By identifying the types and the extent of substance misuse and abuse, and the populations and areas most affected, you can better understand the actual problem in your community.
Examine the quantitative data you have collected to see if specific groups of people or other factors stand out. HealthyPeople 202028 defines health disparity as “a health outcome [that] is seen in a greater or lesser extent between populations”
Health disparities adversely affect groups of people who have systematically experienced greater obstacles to health based on their racial or ethnic group; religion; socioeconomic status; gender; age; mental health; cognitive, sensory, or physical disability; sexual orientation or gender identity; geographic location; or other characteristics historically linked to discrimination or exclusion.
Do any of your data suggest a particular impact on a group or subpopulation who may be vulnerable to health disparities? For example:
· Is alcohol more accessible and available in a specific urban neighborhood vs. another?
· Are there gender differences in use patterns or with respect to risk and protective factors?29
If quantitative data are available for multiple years, then examining trend data may suggest factors that influence substance misuse and abuse and/or intervening variables.
Example: If there was a sharp rise in binge drinking in the past year, what happened or what changed that may explain this? Did your community see an influx of an at-risk population? Was there a decrease in retail access initiatives?
Examine local data in relation to state data to determine if there may be something unique or unusual about the community associated with substance misuse or its intervening variables. Is there something different about the problem in your community? Does the difference point to an intervening variable that may be important, or perhaps to a strategy to consider later in the process?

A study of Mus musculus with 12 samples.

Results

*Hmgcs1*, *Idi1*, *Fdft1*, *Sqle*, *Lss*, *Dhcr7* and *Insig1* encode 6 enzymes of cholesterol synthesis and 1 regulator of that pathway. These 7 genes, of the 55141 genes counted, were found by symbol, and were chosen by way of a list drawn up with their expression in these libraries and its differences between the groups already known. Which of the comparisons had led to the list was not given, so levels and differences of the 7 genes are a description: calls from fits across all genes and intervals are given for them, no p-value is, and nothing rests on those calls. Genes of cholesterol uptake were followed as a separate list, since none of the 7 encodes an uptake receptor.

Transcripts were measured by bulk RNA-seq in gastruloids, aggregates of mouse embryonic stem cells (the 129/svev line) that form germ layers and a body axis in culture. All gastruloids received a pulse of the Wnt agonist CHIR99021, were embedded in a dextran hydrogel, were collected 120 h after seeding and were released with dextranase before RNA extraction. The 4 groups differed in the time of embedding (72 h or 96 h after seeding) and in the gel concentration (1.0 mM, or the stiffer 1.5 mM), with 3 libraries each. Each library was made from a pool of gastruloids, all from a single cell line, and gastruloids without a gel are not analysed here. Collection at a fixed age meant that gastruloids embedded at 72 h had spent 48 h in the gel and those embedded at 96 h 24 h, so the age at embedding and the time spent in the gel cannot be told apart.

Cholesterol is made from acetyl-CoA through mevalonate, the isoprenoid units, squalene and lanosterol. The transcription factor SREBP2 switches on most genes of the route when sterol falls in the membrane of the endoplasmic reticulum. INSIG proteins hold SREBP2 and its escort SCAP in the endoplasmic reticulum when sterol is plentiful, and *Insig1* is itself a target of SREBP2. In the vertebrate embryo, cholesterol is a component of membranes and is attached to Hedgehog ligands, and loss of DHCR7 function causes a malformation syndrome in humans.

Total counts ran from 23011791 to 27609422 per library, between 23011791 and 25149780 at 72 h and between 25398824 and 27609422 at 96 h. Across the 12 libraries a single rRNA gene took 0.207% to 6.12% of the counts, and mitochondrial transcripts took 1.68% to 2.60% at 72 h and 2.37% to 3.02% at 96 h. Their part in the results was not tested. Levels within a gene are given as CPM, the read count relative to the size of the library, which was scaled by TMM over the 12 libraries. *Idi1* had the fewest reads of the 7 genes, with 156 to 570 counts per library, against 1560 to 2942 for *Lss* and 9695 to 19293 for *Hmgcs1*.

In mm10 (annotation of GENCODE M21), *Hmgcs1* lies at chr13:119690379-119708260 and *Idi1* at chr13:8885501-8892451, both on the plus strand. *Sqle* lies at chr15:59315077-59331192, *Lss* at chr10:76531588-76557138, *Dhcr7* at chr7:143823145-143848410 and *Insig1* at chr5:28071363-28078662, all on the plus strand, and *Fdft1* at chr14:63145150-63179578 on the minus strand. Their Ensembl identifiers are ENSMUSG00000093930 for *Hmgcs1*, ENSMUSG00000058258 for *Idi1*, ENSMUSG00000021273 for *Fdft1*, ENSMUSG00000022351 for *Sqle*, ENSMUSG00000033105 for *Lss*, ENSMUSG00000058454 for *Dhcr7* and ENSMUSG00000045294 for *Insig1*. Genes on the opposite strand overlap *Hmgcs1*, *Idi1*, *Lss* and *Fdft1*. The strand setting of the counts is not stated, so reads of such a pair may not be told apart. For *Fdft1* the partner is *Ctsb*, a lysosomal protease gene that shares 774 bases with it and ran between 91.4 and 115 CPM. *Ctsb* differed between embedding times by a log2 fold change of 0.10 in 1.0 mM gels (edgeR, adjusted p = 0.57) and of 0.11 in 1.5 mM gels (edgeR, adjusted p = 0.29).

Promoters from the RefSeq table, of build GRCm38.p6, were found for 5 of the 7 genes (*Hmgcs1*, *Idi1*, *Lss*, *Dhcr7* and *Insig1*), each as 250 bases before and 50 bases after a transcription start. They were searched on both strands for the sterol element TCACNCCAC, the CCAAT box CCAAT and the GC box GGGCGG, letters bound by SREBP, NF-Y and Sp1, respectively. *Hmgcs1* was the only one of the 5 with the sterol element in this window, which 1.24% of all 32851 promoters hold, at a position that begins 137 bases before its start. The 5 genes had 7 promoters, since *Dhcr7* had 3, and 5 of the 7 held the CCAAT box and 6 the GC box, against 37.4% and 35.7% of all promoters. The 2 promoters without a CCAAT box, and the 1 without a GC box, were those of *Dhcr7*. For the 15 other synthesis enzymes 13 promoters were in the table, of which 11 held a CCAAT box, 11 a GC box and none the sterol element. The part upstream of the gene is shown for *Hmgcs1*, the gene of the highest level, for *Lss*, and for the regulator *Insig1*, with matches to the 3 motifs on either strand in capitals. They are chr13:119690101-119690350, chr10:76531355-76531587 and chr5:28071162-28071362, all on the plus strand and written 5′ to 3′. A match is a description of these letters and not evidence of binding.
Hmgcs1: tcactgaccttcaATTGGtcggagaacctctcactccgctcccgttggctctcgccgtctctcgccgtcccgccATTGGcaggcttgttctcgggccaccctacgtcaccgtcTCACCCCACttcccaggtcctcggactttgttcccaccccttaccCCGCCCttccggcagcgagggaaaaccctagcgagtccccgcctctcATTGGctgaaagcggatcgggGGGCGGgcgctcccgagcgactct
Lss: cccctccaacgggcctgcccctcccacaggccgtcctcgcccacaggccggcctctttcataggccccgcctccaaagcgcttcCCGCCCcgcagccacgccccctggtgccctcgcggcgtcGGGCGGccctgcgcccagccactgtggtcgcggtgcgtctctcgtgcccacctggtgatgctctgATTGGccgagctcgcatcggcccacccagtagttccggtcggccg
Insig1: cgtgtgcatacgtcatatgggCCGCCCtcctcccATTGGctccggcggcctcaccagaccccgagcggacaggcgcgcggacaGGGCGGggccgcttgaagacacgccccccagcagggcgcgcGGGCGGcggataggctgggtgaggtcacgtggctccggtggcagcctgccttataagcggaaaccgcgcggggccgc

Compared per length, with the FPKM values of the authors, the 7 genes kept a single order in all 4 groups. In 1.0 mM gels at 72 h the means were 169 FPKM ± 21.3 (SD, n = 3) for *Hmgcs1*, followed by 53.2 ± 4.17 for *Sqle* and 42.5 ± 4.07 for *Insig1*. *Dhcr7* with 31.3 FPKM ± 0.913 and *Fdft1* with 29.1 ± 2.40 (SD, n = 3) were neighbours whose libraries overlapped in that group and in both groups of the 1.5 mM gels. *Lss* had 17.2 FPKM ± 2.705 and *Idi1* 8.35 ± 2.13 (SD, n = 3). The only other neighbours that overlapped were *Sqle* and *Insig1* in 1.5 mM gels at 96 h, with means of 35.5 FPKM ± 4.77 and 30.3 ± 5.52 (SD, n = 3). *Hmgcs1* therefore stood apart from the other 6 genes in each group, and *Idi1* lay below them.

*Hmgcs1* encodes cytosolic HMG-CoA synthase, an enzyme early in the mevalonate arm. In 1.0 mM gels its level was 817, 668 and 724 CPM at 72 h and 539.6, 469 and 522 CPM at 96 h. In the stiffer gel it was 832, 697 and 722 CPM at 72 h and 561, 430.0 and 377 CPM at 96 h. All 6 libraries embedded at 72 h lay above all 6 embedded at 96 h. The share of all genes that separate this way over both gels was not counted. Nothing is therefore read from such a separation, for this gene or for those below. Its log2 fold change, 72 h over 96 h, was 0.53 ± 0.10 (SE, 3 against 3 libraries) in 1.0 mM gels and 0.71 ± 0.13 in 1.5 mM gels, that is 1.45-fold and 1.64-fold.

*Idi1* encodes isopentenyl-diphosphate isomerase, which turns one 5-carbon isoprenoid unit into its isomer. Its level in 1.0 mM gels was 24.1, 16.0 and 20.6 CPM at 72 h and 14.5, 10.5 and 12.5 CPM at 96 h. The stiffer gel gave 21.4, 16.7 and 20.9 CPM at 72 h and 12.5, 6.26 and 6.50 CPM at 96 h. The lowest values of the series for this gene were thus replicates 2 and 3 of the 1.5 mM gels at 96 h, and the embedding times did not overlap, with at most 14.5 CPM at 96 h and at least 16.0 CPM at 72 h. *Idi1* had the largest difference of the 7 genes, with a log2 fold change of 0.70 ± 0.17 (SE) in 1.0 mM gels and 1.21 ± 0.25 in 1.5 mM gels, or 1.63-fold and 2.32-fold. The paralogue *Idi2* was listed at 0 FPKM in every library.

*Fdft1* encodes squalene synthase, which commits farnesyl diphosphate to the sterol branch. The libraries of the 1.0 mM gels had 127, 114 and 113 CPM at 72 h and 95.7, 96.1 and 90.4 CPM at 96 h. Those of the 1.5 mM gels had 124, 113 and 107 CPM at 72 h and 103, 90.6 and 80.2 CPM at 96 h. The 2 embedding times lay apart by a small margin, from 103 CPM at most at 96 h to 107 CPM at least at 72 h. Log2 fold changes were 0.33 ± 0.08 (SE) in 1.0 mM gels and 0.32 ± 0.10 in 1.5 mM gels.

The first step when analyzing qualitative data is to read and reread the materials you have gathered (e.g., key stakeholder interviews, focus group notes, answers to open-ended survey questions) and identify the different themes that emerge for each question. To increase confidence in the process, it is best to have two or more people do this independently. The themes generated by each coder are then compared. If the themes identified by coders differ, the coders need to reconcile their views and reach consensus.
Record and report comments for each theme (verbatim responses or quotes may be preferred) and count the number of respondents who mentioned each theme. This is a good indicator of the importance of a particular theme to participants. In addition, be sure to note the passion and strength of respondents’ comments, which is likewise important.
Compare quantitative data with qualitative data or vice versa to see if they reinforce one another or raise new questions. Do any of the qualitative data shed additional insight into why the problem exists or who experiences it?
Analyzing the data you collected during the assessment process will help you answer a key question: “Why are substance misuse and abuse happening here?” This may help you select strategies that get to the unique root causes of substance misuse and abuse in your community.